When Helga Flatland’s A Modern Family was published in 2017, she was already an established name in Norway. Her debut novel Stay If You Can. Leave if You Must from 2010 had been awarded the Tarjei Vesaas First Book Price, and A Modern Family went on to win her the Bookseller’s Prize. Translated by Rosie Hedger for Orenda Books, this is the 34-year-old’s first novel to be published in English.
The book details the lives of the adult siblings Liv, Ellen and Håkon in the aftermath of their parents’ divorce, which turns out to have massive repercussions for the three fully-grown yet deeply self-centred children. Liv, 40, has moulded her life on how she perceived her parents’ marriage to be, and their late divorce therefore feels like a betrayal of an ideal she has strived for all her adult life.
Ellen is in her late thirties and desperately trying to have a child. To her, the divorce comes to represent the dissolution of what she is seeking with increasing amounts of tortured anguish – a nuclear family with children. Håkon, who despite being 30 is still considered the child of the family, is critical of monogamous relationships and therefore initially seems strangely relaxed about his parents’ sudden split.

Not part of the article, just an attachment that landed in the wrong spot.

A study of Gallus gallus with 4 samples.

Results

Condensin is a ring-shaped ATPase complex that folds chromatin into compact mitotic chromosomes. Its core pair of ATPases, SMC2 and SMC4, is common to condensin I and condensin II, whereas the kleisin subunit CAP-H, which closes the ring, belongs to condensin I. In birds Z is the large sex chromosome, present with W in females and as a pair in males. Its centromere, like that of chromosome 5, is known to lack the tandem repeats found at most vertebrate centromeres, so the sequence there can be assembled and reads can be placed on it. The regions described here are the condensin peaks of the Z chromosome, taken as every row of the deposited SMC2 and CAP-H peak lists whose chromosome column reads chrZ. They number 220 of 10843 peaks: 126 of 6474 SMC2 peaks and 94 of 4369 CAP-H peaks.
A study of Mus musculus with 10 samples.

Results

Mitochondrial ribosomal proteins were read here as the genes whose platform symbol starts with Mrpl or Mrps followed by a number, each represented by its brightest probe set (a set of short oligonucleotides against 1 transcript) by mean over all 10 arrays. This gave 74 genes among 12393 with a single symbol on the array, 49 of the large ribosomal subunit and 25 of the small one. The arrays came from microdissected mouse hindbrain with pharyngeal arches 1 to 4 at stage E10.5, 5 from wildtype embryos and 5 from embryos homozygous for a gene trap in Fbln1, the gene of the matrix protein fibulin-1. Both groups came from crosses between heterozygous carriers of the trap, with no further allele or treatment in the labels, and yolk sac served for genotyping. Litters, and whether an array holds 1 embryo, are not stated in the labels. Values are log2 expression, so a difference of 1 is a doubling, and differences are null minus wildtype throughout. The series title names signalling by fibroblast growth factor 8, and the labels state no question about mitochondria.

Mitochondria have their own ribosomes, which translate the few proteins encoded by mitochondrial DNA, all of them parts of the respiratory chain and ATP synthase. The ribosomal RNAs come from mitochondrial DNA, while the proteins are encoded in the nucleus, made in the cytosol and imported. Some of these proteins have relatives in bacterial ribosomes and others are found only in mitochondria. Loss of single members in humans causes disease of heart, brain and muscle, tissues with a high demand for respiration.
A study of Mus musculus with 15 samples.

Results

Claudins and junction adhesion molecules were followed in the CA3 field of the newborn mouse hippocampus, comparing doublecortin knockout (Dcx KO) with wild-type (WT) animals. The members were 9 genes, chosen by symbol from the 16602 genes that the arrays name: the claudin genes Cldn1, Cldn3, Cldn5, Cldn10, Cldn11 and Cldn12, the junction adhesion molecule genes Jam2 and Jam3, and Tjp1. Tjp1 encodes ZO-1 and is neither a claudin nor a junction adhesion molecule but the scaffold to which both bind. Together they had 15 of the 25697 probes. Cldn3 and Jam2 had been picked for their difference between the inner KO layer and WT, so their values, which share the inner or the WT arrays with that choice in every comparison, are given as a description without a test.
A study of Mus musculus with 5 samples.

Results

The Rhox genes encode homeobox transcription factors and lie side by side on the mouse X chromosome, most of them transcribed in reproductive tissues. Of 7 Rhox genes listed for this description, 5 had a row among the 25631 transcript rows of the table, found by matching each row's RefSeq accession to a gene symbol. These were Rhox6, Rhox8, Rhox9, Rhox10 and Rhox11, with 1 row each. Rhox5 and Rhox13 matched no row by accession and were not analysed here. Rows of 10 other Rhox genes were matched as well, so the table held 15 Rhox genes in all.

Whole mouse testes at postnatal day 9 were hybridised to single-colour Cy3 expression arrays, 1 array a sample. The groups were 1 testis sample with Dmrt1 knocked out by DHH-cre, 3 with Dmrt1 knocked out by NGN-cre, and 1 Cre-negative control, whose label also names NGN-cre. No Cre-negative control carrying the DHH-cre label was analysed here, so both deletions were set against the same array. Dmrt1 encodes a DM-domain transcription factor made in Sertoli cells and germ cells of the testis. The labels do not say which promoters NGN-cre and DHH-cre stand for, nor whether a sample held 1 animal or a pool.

Flatland lets the perspective switch between the three siblings, which gives her an interesting opportunity to explore how they feel differently about the divorce – and each other. Liv withdraws and gets marital problems of her own, while the burden of childlessness suddenly weighs twice as heavy on Ellen, and soon Håkon starts doubting his own propaganda about the benefits of free love.
Not much fiction has been written about how divorce affects adult children, and this premise, together with the sibling’s shared perspective, invites a nuanced exploration of what goes unsaid in close relationships. However, this potential is lost due to Flatland’s habit of spelling out the characters’ thoughts and feelings clearly and unmistakably: ‘I often think of how different our childhoods have been and how it’s affected us’, Ellen thinks at one point while sitting next to Håkon, but this thought, as with most of the thoughts or meditations in the book, is not left unpacked for long.
The text is full of sentences like ‘I remember feeling that there was something scary and unfamiliar yet simultaneously reassuring in her words’, and very little is left for the reader to feel or interpret. At first I thought this might have to do with translation choices, and that the simplicity of Flatland’s prose had been rendered just simple, but Rosie Hedger has done nothing but maintain Flatland’s direct style, and can hardly be blamed for the occasional hammy phrasing (‘This image graces my retinas on a regular basis’).
There are moments of real intimacy in the book, and they are mostly concerned with Ellen’s childlessness. When visiting her new flat, her father casually asks what the spare room will be used for, ‘not sensing what the room might be missing, ten square metres teeming with fragments of unspoken hopes and expectations. Oh, Dad.’ It is in rare moments like this that the loving dynamic of the family, so often described but never really shown, is given the space to shine through.